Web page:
Before Christmas, I had exactly one friend who owned a pressure cooker—which he'd used unsuccessfully to process psychedelic mushrooms back in his misspent undergrad years. A dozen years later, the aging vessel, with its hair-trigger jiggler top and dust-caked lid, lives in a box in his parents' garage. Or maybe they've thrown it away. Frankly, he neither knows nor cares. Like most kids who came of age after the Carter years, he's never used a pressure cooker to cook an actual meal.
That dim picture is changing. Pressure cookers are exploding—in a good way, this time—into home and restaurant kitchens. I discovered the joys of pressure cooking last year while reviewing Modernist Cuisine, the 2,348-page encyclopedia of avant-garde cuisine by former Microsoft executive Nathan Myhrvold. He argues that pressure cookers are the perfect vessel for making stock, and he's right. Pressure cooking extracts more flavors from the primary materials and keeps them in the pot, where they condense back into a rich, full-bodied liquid. I was blown away by the chicken stock I made the first time I used a pressure cooker.
But I didn't stop there. I followed a few of Myhrvold's other suggestions and soon discovered that pressure cookers make superior, stir-free risotto—cooked through, but with a pleasant hint of resistance—after just five-and-a-half minutes at pressure. Braised short ribs are similarly sublime, fork tender without being mushy, and bathed in a broth with an intense, concentrated beef flavor. They went from being a Sunday afternoon project to a supper I could prepare after work on weeknights. Emboldened by success, I even went so far as to pressure cook a surprisingly moist lemon-mascarpone cheesecake.
What makes the pressure cooker so great? As steam builds in a sealed vessel, the boiling point of the water within increases from 212 to 250 degrees Fahrenheit. That allows the contents to repose as if in a sauna, while their aromas are squeezed out of them in a hot bear hug. At high temperatures, the food can also develop Maillard reactions, which produce the complex flavors associated with browning and caramelization. The fact that a pressure cooker does all this in less time and, as a result, with less fuel than a pot on a stove, is just (remarkably rich and full-bodied) gravy. When used appropriately, pressure cookers deliver better flavor and texture in a fraction of the time.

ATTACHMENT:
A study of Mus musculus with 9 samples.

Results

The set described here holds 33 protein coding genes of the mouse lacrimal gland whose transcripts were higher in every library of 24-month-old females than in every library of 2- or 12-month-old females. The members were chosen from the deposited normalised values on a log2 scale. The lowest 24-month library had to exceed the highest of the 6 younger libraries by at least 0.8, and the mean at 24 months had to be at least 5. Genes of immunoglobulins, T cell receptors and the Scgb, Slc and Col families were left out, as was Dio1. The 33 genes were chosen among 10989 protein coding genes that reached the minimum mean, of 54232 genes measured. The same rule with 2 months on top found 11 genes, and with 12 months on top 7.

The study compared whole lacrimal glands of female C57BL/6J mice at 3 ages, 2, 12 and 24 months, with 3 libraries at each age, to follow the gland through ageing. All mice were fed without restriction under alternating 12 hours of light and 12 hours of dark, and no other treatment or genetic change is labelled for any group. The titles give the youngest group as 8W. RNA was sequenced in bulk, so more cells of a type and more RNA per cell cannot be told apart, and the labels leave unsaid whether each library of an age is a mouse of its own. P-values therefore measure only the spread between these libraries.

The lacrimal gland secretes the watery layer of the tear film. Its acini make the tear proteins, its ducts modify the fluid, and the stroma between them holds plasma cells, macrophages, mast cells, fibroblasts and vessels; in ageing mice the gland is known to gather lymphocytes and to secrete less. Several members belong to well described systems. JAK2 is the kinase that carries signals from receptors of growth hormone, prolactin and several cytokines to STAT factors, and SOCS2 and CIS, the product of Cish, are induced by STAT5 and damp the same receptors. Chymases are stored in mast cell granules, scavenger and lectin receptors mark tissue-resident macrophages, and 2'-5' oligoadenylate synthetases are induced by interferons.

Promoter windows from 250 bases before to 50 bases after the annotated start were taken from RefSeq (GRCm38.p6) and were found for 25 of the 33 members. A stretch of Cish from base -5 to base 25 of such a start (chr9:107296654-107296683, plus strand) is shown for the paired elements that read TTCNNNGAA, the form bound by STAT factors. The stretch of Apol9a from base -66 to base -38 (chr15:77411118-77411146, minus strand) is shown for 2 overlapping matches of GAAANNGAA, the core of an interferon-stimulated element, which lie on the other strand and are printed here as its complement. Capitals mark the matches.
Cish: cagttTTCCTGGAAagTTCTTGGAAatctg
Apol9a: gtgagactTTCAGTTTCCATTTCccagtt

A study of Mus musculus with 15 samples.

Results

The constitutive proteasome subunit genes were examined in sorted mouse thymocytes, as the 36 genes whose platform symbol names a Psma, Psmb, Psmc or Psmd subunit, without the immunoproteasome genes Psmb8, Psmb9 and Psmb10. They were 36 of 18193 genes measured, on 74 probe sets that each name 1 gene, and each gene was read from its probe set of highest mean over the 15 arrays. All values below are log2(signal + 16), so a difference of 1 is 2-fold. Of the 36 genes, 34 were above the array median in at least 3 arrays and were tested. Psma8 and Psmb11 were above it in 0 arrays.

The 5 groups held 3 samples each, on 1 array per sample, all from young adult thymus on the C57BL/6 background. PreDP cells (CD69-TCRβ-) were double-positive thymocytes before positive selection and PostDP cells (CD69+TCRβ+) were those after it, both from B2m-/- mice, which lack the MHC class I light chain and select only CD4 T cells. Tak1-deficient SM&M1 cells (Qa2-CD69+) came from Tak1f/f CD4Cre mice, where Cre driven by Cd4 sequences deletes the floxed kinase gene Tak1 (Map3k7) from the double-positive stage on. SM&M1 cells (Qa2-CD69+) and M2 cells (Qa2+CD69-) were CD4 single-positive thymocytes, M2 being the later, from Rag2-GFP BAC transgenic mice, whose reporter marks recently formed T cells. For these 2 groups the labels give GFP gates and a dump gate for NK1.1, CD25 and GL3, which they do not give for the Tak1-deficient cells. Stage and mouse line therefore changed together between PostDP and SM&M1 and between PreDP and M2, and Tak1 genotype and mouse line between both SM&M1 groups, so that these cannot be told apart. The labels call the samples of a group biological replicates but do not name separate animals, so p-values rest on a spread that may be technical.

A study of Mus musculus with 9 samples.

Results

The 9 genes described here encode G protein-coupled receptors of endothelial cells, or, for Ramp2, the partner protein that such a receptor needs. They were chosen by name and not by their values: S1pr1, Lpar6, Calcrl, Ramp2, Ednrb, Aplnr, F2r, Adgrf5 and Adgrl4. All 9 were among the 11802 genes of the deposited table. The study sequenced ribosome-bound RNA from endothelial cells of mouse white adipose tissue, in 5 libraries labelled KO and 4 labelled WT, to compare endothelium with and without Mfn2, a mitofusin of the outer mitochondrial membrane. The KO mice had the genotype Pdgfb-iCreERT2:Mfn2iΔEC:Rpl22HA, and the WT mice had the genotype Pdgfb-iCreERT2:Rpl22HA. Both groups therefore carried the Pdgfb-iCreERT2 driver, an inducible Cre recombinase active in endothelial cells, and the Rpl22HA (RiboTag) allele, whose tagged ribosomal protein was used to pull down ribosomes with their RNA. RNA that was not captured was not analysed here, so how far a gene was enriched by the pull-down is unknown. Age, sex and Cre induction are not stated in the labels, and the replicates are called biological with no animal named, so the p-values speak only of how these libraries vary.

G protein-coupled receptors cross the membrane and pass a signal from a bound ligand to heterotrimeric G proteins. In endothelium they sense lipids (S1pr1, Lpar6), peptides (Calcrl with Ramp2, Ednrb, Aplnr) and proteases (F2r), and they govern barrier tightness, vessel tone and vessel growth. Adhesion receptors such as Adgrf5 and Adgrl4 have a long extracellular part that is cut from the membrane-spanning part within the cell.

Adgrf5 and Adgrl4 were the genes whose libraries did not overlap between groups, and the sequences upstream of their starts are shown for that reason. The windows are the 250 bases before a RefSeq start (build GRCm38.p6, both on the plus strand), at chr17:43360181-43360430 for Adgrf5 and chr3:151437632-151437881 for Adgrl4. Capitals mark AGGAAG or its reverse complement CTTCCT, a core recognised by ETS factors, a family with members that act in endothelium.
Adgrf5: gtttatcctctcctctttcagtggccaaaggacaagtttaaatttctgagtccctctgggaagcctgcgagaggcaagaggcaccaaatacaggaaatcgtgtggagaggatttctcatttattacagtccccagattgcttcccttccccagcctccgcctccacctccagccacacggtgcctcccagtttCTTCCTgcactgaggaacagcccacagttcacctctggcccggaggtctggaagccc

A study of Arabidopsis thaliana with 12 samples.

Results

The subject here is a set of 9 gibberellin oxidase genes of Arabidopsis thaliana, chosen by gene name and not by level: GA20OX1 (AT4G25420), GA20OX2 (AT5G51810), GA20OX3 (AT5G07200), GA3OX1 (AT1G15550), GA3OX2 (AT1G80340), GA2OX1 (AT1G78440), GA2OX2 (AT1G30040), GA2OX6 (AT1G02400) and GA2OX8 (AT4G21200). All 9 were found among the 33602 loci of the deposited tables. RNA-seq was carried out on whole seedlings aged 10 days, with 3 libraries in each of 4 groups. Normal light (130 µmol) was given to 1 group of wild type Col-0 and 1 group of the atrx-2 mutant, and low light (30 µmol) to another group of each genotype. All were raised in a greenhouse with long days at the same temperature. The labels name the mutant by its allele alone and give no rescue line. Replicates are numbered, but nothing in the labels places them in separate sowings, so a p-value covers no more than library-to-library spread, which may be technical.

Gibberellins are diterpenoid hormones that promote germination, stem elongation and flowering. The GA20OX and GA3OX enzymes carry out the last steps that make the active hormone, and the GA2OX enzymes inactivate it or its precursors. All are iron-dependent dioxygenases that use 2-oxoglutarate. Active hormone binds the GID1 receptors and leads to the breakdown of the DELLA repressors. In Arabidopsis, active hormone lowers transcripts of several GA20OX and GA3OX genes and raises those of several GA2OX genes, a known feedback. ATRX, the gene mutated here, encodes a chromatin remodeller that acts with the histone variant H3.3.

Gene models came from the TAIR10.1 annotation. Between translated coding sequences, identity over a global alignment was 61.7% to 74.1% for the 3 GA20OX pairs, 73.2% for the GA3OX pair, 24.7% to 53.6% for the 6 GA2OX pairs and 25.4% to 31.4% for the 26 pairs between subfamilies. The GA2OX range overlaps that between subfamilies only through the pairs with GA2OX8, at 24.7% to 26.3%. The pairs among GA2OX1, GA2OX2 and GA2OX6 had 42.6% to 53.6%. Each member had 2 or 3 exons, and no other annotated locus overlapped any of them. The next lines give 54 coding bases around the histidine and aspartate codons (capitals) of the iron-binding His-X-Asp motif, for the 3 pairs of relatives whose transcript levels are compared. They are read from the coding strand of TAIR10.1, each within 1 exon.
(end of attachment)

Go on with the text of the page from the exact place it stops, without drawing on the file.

So why aren't they catching on faster? Or, more to the point, why did they ever disappear? Buoyed by post-World War II enthusiasm for time- and labor-saving devices, the pressure cooker was once more common. According to a 1950 article from the New York Times Magazine, 37 percent of U.S. households owned at least one pressure cooker at midcentury, a rate that had plummeted, according to consumer research firm NPD Group, to 20 percent by 2011. It's easy to see the roots of this decline in the Times' piece, which, despite a generally positive tone, addresses a prejudice against pressure cookers that, sexism aside, still has currency:
A professional home economist in New York, who requested her name not be given, said, when asked her opinion of pressure cookers:
'I am scared to death of them. Women are not often mechanically minded enough to employ these utensils without scalding themselves.'
As laughable as that gender stereotype may be, the underlying concerns about this primitive kitchen gear weren't entirely unwarranted. Ask any baby boomer about their childhood pressure-cooking memories, and they'll likely conjure a scene from The Hurt Locker. Early versions of the appliance rattled and belched steam ominously, and they could explode if misused because their one rubber release valve would blow like a geyser if the pressure got too strong.